Why was LaKeith Stanfield nominated as supporting actor? Ask the acting branch
“Judas and the Black Messiah” follows the real-life story of Black Panther leader Fred Hampton (played by Daniel Kaluuya), largely through the eyes of FBI informant William O’Neal (LaKeith Stanfield), the Judas figure in the story. Viewers and awards watchers may have been surprised Monday morning to discover Stanfield was not the lead actor in the film, as he had campaigned as.
The Academy of Motion Picture Arts and Sciences honored “Judas” with six Oscar nominations, including best picture, and a widely expected supporting nomination for Kaluuya, who has been cleaning up this awards season for his galvanizing performance as Hampton. And then Stanfield’s name was announced in the supporting category as well.
So who makes these calls? The voting members of the acting branch, whose votes determine the nominees, regardless of studio campaigns or critics’ awards.
According to academy rules, “A performance by an actor or actress in any role shall be eligible for nomination either for the leading role or supporting role categories ... The determination as to whether a role is a leading or supporting role shall be made individually by members of the branch at the time of balloting.”
It’s nowhere near the first time category confusion has affected the Oscars.
Benicio Del Toro won the supporting actor Oscar for “Traffic” after winning the SAG Award as that film’s lead. Eyebrows rose when John Travolta was nominated as the lead in “Pulp Fiction” but Samuel L. Jackson was tabbed as supporting, when the two seemed either co-leads or co-supporting in that ensemble film (Travolta did appear in all three of the film’s stories, albeit briefly in one).
“The Devil Wears Prada” follows the journey of Anne Hathaway’s character; she’s on screen more than any other and undergoes the primary transformation in the story. Yet Meryl Streep’s indelible Miranda Priestly was designated the lead for Oscar purposes (La Meryl was nominated as lead actress but did not win).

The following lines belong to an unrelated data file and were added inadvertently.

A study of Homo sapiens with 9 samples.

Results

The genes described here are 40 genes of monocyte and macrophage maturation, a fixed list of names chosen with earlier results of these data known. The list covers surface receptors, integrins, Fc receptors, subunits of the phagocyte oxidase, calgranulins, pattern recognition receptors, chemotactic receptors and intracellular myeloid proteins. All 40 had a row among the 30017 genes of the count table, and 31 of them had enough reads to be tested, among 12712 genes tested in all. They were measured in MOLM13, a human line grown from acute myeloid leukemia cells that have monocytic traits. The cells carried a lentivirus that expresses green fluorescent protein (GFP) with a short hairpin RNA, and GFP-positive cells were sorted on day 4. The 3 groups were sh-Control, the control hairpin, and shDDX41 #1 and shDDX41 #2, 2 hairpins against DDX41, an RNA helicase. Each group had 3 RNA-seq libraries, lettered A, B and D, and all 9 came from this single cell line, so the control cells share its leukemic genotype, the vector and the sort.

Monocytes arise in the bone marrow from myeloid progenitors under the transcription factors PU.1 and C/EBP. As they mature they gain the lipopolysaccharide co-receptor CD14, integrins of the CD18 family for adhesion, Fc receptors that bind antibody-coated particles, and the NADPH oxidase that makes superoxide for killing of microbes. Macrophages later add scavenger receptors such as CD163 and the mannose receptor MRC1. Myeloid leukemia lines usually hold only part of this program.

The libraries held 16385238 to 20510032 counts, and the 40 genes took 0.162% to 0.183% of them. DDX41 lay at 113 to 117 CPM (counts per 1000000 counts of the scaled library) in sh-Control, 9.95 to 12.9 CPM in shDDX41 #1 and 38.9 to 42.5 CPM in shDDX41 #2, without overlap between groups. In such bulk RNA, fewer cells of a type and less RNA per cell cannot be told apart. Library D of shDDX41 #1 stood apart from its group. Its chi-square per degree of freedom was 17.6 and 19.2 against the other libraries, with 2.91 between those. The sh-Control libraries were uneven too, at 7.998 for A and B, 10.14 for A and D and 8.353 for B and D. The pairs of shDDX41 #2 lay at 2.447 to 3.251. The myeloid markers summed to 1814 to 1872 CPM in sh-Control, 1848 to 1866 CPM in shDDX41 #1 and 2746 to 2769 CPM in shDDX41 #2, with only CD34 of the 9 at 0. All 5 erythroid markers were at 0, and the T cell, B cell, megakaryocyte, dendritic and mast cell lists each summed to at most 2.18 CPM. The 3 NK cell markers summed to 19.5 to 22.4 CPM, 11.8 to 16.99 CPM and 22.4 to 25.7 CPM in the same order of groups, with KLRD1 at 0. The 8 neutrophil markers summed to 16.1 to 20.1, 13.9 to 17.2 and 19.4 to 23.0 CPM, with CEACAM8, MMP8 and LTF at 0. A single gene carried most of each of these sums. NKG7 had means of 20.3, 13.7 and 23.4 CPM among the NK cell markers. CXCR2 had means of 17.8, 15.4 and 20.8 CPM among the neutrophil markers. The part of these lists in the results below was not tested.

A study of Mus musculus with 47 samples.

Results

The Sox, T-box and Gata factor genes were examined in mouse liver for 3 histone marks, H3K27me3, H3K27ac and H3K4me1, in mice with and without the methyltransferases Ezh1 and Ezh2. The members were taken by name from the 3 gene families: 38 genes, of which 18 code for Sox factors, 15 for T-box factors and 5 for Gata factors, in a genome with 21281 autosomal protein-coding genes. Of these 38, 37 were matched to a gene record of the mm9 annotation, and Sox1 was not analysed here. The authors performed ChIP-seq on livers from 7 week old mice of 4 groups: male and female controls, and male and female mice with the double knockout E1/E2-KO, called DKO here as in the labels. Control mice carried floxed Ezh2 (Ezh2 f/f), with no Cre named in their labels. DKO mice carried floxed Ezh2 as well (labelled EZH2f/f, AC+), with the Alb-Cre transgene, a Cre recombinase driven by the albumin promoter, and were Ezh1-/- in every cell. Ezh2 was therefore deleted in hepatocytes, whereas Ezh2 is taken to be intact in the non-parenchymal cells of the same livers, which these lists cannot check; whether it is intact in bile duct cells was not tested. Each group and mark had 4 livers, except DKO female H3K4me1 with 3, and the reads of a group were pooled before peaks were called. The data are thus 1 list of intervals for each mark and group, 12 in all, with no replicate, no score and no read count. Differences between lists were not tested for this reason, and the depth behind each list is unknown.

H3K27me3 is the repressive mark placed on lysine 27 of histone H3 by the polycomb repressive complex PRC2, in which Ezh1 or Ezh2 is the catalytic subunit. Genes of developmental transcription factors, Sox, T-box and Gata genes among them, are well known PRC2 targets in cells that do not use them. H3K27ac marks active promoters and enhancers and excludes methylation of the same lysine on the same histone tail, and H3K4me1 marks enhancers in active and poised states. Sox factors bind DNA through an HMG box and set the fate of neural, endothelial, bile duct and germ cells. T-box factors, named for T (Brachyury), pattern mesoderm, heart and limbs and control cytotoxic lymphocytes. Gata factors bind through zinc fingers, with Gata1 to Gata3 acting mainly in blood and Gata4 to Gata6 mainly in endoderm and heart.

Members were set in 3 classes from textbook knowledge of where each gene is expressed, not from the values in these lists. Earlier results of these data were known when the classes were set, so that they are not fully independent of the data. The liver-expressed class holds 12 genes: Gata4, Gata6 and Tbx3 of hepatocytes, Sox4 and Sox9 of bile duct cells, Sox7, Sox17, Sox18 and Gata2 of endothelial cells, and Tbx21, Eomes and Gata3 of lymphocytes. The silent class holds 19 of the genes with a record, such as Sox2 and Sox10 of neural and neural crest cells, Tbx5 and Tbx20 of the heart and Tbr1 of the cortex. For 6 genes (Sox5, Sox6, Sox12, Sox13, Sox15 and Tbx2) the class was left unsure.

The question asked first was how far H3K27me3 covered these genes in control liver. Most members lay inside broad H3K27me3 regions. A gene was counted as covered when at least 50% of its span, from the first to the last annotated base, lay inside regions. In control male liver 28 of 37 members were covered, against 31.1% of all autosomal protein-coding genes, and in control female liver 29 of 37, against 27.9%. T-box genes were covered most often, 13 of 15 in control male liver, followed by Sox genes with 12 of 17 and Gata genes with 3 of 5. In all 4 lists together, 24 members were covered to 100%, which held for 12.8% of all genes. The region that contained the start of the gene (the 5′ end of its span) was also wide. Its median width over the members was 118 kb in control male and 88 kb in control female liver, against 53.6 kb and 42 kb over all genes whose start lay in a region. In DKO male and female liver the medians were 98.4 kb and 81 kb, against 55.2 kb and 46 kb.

Similarly, Leonardo DiCaprio, at the very least the co-lead of “The Departed,” got a studio push as supporting, likely to avoid conflict with his awards-buzzy lead work in “Blood Diamond” that same year; he ended up getting a lead nod for “Diamond” but not being nominated at all for “Departed,” despite delivering a white-knuckle performance (as a character in a similar predicament to Stanfield’s).
Screen time isn’t a qualifier either: Anthony Hopkins was on screen for 16 minutes in “The Silence of the Lambs” and won the lead actor Oscar; David Niven was around for slightly less time in “Separate Tables” and also won for a leading role. Ellen Burstyn’s knockout work in a smaller role in “Requiem for a Dream” got a lead actress nomination. And the list goes on and on.
In the event a performance gets enough support to join the leaders of both categories, the academy will place it in only one of the two. That’s determined by which category it reaches the required number of votes first, or if it’s a tie (yes, if the performance ties with itself by simultaneously qualifying in lead and supporting), it “shall be placed only on the ballot in that category in which it receives the greater percentage of the total votes.”
That rule was put in place after Barry Fitzgerald received both lead and supporting nominations for the same performance in “Going My Way” (1944).